By Katie Wike, contributing writer
Study shows telemedicine consultations as reliable as office visits more than 90 percent of the time
A study released by the Journal of the American Medical Association Dermatology has found a 90 percent agreement in office evaluations of skin conditions when compared with evaluations via mobile phones. As a result, the authors of the study conclude, “Teledermatology is reliable for the triage of inpatient dermatology consultations and has the potential to improve efficiency.”
According to iHealth Beat, researchers at the University of Pennsylvania analyzed 50 hospital patients who had skin conditions that needed evaluation. All of the study participants were treated in person by a physician. Pictures of their skin conditions were then sent to two independent dermatologists for analysis and diagnosis.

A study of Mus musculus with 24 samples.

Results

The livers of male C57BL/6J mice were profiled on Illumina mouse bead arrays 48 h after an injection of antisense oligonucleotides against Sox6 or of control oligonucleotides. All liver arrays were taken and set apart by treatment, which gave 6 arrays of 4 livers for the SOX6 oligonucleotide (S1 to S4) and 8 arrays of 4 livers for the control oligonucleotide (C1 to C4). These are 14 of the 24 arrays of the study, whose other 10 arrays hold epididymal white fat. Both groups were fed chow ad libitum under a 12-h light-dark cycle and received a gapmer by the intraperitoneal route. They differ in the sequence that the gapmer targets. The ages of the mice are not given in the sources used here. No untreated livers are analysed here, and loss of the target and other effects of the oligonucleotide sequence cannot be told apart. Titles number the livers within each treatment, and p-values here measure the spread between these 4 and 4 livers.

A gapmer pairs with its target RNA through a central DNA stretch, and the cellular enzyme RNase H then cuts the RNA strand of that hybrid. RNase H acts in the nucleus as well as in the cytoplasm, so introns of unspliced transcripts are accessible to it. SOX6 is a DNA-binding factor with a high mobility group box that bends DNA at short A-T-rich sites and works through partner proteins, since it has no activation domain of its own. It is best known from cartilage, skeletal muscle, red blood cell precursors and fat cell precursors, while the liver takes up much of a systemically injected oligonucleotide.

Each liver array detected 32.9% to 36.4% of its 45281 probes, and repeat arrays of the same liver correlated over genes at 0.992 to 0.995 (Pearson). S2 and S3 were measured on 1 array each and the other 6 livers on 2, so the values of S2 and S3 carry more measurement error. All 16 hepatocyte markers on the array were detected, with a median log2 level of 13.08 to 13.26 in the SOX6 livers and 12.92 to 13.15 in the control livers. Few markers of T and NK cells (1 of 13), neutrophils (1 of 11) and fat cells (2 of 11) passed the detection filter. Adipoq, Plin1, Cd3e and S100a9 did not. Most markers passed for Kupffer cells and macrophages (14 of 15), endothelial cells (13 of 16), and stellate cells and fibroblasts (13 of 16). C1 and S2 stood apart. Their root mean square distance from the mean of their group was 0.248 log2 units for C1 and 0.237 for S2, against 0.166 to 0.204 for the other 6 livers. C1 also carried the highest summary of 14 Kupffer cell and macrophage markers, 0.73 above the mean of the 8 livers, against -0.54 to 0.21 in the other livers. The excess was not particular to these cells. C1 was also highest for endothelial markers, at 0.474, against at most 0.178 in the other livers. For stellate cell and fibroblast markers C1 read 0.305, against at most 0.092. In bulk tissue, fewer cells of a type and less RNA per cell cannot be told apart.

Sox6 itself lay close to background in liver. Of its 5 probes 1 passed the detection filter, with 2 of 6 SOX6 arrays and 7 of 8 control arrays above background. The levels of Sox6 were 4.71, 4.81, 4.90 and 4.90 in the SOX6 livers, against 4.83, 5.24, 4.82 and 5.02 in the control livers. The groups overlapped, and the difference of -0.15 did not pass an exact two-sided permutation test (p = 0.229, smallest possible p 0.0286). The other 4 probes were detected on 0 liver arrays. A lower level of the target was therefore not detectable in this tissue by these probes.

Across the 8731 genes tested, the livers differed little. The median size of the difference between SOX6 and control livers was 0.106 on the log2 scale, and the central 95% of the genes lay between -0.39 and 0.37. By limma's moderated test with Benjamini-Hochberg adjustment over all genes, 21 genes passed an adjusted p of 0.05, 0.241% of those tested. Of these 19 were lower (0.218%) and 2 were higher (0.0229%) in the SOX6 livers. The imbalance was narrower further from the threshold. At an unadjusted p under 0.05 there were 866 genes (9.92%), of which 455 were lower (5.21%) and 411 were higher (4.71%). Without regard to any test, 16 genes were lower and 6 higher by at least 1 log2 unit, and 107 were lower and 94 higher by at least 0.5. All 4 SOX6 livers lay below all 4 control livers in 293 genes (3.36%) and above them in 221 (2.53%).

Results showed, “If the in-person dermatologist recommended the patient be seen the same day, the teledermatologist agreed in 90 percent of the consultations. If the in-person dermatologist recommended a biopsy, the teledermatologist agreed in 95 percent of cases on average.”
"There is a real dermatology workforce shortage, especially in rural areas," Dr. Lindy P. Fox told Reuters Health in an email. "Teledermatology is a viable way to deliver care to those who do not have direct access to dermatologists as it allows dermatologic care to be delivered in a timely manner to patients who might have long wait times to see a dermatologist or have to travel long distances to see a dermatologist.
"One of the unique perspectives of this study is that it addresses improving access to dermatologists in the hospital setting, a place where dermatologists traditionally do not spend the majority of their practice time," Fox wrote.
Misha Rosenbach, the study's lead author, said, "A substantial agreement between in-person and teledermatology consultants in this study demonstrates the reliability and potential of this platform."